Deputy Jason Fredricks of the Roosevelt County Sheriff’s Department, Montana, underwent an eight hour surgery last week to repair the injuries to his arms and shoulder sockets that he received during Taser training. Jason volunteered to be shocked with a Taser during inservice training. The Taser shock broke both humerus bones in his arms, dislocated both shoulders, and fractured his shoulder sockets. Jason, a sheriff’s office defensive tactics instructor, was not required to take the shock. He volunteered to lead by example during the training. Unfortunately, his display of Spartan leadership almost forced him into a medical retirement. During his initial medical examination, the doctor told Jason he would not be able to turn to police work.
However, the docs were able to fully repair Jason’s arms and shoulders. His doctors believe Jason will make a full recovery and, at some point, be able to return to full duty. According to Jason’s doctor, his humerus bones and shoulder sockets fractured lengthwise – a type of injury found only in victims of electrocution. The breaks were not caused by a freefall, but from his muscles convulsing from the electricity passing through his body.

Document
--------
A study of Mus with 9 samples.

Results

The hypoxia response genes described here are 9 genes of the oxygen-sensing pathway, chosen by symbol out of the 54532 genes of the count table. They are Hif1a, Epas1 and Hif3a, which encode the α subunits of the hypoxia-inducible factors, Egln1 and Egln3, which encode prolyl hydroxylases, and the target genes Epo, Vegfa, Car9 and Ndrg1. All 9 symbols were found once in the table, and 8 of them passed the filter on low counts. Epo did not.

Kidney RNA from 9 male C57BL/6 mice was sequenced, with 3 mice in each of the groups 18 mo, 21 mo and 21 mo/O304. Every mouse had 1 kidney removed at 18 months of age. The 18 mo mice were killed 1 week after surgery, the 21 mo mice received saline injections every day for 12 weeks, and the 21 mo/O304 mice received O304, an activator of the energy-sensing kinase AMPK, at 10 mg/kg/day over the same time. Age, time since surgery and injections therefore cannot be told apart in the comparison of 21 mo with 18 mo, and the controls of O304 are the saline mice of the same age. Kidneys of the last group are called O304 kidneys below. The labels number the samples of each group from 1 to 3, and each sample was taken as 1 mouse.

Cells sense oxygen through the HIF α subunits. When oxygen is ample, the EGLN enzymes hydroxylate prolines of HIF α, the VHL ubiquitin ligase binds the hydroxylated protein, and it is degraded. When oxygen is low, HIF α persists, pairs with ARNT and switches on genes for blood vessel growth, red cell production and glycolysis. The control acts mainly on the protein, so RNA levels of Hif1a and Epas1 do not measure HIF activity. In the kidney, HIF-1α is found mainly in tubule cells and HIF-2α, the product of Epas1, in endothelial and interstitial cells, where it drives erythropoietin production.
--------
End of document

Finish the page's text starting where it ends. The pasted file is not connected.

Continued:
The Taser (X-26) was sent back to Taser International for examination and testing.
Regardless of all the hype and propaganda about how safe the Taser is, officers and criminal justice training need to be aware that any device that incapacitates a person can’t be completely safe. You can tout all the benefits of shocking your officers during training, but not one of those alleged benefits are worth medical retiring out an officer decades before his time. Often when it comes to criminal justice training, common sense is not so common. My thoughts.